Last Sunday evening, I made my way across the Bloor line, stripped off my clothes and got inside this thing for an hour. I learned about float therapy from someone’s personal essay about it somewhere (Maissoneuve or Hazlitt, I thought, but annoyingly, I can’t find it now to link to it) and I have been dying to try it ever since. It took a few years after I read the essay for it to become a big wellness trend but now it has and float locations are springing up all over Toronto. The long and the short of it is, you hop in this lightless, soundproof tank and float effortlessly in a couple of inches of highly concentrated salt water. The supposed benefits include all the usual things that alternative therapies promise. I was having a lot of focus problems last week so I decided it was time to give it a whirl.
I did not have the transformative experience the author of the essay I read had. Something I maybe should have thought about before I went, is that it is impossible for me to relax the back of my neck. It is like I just can’t believe anything besides my neck, not even a floor or the Earth itself, can hold up my head. Even after more than a decade of yoga practice, I still have instructors coming over to me when I’m laying on the floor trying to adjust my head and shoulders to relax my neck. Yeah, it’s just not going to happen, bud. Needless to say, my neck wasn’t having anything to do with being supported by 1000 pounds of dissolved Epsom salts. It laughed and said, “Nice fucking try, mini Dead Sea.” The spa provides a little inflatable pillow for your head so I tried that, which weirdly made the situation worse. Eventually, I discovered that putting my arms in cactus position rather than by my sides relieved the pressure on my neck and I could then finally get down to the business of relaxing.
Wicked. Couldn’t wait to relax. I had so many communications theories and ideas for imminent assignments buzzing around in my head that I couldn’t concentrate on anything.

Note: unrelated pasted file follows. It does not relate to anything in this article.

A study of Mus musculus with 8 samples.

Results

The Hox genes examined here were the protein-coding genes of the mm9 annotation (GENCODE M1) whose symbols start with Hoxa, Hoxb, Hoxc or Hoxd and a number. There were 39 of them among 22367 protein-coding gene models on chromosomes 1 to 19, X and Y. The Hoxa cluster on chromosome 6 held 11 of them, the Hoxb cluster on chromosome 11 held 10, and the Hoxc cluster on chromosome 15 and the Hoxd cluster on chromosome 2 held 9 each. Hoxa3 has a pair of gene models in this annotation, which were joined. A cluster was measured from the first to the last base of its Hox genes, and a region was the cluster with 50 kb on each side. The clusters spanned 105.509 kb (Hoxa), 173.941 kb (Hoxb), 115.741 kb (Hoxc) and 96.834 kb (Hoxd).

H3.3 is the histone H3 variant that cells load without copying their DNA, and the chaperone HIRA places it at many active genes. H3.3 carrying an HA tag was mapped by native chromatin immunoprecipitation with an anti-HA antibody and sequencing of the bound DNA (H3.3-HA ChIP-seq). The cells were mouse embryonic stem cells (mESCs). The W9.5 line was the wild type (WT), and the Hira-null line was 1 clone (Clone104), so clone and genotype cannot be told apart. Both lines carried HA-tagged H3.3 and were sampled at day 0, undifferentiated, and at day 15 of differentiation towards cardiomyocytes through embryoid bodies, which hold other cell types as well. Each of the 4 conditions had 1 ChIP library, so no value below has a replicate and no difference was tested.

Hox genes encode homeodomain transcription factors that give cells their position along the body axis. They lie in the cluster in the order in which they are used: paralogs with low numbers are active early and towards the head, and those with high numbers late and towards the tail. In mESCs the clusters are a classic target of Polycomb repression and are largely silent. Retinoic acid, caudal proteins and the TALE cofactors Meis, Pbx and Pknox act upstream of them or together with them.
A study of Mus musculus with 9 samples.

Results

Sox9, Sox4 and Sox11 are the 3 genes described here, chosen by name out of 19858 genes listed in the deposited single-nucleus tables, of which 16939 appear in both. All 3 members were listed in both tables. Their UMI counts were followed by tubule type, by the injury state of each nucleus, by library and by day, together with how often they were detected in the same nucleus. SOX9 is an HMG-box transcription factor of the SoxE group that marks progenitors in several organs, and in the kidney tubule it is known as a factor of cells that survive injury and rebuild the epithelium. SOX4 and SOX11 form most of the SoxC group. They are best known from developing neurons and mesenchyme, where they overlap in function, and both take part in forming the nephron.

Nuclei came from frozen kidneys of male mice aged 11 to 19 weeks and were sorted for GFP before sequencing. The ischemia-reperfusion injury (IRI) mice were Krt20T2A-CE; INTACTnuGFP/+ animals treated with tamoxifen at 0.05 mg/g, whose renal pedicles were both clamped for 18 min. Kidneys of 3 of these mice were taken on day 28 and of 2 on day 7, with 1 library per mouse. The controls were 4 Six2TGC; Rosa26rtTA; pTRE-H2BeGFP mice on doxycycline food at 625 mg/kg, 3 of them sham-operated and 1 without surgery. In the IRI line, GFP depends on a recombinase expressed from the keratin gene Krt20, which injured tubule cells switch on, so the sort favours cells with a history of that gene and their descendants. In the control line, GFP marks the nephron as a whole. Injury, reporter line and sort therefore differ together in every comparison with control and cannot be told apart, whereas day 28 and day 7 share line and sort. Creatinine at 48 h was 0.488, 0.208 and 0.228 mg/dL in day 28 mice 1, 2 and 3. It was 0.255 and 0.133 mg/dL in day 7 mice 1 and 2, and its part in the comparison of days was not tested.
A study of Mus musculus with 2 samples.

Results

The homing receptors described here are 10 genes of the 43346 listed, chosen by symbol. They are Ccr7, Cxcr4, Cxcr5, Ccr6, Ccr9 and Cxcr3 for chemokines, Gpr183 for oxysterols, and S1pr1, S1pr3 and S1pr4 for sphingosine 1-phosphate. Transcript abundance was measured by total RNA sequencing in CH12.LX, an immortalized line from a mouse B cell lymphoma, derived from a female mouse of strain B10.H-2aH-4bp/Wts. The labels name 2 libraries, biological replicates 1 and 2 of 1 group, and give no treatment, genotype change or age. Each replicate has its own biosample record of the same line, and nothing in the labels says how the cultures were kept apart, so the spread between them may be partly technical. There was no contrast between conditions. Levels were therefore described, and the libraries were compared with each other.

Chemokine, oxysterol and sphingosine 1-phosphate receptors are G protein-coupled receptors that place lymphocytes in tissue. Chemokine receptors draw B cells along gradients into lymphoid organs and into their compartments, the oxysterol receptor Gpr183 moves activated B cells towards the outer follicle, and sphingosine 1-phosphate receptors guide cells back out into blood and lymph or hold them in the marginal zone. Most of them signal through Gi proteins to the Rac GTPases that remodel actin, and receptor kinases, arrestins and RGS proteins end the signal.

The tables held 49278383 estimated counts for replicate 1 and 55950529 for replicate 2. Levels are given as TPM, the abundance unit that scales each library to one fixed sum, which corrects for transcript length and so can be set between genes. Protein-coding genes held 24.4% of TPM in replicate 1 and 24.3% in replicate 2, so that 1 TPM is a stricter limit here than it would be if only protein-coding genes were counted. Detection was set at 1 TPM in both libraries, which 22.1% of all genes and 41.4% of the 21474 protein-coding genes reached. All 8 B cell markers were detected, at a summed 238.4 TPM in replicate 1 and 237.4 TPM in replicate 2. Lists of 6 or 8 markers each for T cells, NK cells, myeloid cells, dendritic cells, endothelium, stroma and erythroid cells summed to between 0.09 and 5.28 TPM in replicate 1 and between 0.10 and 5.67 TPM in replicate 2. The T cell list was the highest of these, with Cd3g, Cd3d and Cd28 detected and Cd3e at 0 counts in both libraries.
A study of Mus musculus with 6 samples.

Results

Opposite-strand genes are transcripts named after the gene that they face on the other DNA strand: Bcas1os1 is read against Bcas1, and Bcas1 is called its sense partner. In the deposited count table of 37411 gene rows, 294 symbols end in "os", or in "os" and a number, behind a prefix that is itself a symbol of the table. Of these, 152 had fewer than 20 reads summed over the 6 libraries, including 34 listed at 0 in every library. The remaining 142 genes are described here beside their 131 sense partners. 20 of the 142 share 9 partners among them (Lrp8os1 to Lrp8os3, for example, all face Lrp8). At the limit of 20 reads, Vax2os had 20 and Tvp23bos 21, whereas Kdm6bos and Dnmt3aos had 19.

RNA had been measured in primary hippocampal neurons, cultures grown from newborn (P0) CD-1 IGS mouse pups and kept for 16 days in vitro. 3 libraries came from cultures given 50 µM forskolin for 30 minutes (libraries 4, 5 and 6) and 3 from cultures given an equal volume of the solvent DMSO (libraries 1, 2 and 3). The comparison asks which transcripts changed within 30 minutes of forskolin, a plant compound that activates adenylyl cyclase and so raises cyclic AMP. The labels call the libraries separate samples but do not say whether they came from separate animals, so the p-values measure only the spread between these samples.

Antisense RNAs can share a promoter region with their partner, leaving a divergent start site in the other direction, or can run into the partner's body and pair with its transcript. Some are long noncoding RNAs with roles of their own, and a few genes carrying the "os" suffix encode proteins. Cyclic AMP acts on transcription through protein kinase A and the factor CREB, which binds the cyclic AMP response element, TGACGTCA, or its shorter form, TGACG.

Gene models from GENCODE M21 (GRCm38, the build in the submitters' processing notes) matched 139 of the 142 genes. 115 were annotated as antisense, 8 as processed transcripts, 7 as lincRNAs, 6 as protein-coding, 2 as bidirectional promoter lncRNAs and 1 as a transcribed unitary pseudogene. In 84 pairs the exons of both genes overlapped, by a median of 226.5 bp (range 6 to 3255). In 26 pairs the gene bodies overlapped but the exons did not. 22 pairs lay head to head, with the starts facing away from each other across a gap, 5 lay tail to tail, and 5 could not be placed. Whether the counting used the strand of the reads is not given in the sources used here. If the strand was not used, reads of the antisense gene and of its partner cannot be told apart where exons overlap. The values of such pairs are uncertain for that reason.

I have no idea how long I actually enjoyed the float once I got comfortable because it’s completely dark and you obviously do not have any gadgets or access to time inside that thing. If I had to guess, I would say it was about fifteen to twenty minutes, max. But honestly, there is a good chance it was one minute. There was a clear moment when I thought, “This could be over now.” But it wasn’t, not for a long time. I started shifting myself up and down, side to side in the tank. That amused me for a while. Then I realized I was kind of hungry. I started thinking about all the delicious options there were nearby on the Danforth. Omg, should I get a shawarma??? Mmmm, Ali Baba. But then again, I am in Greek Town. Souvlaki?? Fuck, maybe I should get a slice? Is there a poutine place around here? I mean, I could have gotten out at any time, but the price is the price whether you stay in or get out so you might as well stay in and try to get your brain to shut the hell up. Perhaps a first-time float should be half as long and half the price. For me, it would have been an hour better spent if the isolation tank had been filled with pizza or kittens.
If you are curious about float therapy, I definitely think you should give it a try. If you’re worried about being claustrophobic, it’s probably not an issue because you almost entirely lose the boundaries of the tank when you turn off the light. Plus, it’s gigantic. I did feel great when I was finished; my mind was clear and I was absolutely relaxed. But I didn’t feel better than when I get a massage or an acupuncture treatment or go for a swim. I am glad I tried this, but I don’t think it’s for me.